When pressed by Lauer — who noted that "we've been down this road before" with Feldman, who said he was going to reveal Hollywood pedophiles in his 2013 memoir, "Coreyography" — the "Goonies" actor explained: "The publisher prevented me from writing the names down. They made me change the names."
"When you're an 18-, 19-, 20-year-old kid, you try telling the police, which is a very big thing to do," he said, "and especially when it wasn't even my situation, I was just answering for a friend, so the fact that I found the courage to even throw it in there and hopefully get some support, and then they were like, sorry, and they just shut it down."
Also, the subject matter he's dealing with would require him to have a team of lawyers and a security detail to be around him at all times.
Feldman said there is "a lot of darkness" in Hollywood right now, and it will keep unraveling, the actor and musician told Lauer. What we're seeing now is just the tip of the iceberg, Feldman said, and a feature film is the best way for him to share what he witnessed and experienced as a former child actor.
"There are thousands of people in Hollywood who have this same information," Feldman told Lauer on Monday. "Why is it all on me? Why is it that if I don't release the names in the next two months, six months, or a year, I'm the bad guy? I'm the victim here. I'm the one who's been abused. I'm the one who's trying to come forward and do something about it."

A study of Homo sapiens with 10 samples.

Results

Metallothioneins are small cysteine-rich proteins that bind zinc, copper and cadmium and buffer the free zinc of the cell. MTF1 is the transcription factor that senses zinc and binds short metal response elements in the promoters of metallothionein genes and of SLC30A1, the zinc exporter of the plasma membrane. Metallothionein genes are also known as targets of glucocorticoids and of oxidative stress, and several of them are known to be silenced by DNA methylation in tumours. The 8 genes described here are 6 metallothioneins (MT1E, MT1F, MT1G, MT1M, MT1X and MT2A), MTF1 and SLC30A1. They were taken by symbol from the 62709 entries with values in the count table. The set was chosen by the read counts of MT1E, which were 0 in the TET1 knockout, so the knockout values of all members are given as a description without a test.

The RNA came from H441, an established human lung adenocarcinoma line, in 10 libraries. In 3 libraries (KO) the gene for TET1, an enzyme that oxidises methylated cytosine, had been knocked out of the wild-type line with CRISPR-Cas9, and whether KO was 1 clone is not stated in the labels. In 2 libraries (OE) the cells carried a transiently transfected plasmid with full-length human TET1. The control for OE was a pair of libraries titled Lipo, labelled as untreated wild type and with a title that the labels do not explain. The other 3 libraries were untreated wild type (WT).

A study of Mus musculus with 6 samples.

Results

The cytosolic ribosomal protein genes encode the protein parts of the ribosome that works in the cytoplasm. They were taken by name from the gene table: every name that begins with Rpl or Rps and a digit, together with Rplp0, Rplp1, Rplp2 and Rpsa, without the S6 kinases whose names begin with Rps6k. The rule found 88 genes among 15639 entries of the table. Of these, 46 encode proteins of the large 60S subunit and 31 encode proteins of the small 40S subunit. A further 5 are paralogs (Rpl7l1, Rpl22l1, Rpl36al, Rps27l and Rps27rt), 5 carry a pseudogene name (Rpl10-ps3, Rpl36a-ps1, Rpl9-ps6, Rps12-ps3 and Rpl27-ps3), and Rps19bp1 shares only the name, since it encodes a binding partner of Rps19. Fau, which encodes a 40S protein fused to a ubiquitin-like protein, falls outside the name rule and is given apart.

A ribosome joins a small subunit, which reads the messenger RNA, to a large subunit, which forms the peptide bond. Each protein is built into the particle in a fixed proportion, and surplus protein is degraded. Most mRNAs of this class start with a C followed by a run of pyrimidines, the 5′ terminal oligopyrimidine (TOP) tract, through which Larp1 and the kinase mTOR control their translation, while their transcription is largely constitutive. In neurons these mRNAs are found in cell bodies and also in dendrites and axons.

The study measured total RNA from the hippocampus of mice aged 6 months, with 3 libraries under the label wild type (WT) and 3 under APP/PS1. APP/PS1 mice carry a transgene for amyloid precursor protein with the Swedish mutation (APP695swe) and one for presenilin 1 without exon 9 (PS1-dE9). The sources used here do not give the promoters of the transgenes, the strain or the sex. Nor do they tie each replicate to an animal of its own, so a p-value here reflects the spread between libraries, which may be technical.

"I'm not playing around," Feldman said. "It's serious stuff and I vow I will release every single name that I have any knowledge of. Period. And nobody's going to stop me this time. As long as people support this."
In the book, Feldman did share stories of his own abuse, and that of the late Corey Haim, while the two were young actors. Haim, who struggled with substance abuse when he was older, died in 2010 at age 38. In recent years, his mother, Judy Haim, has tried to distance herself from Feldman.
Corey Feldman, who last week announced a campaign to fund a movie about alleged pedophiles in Hollywood, had to work to get his message across on the "Today" show Monday morning. Matt Lauer challenged Feldman's claim that he needs $10 million to make that film.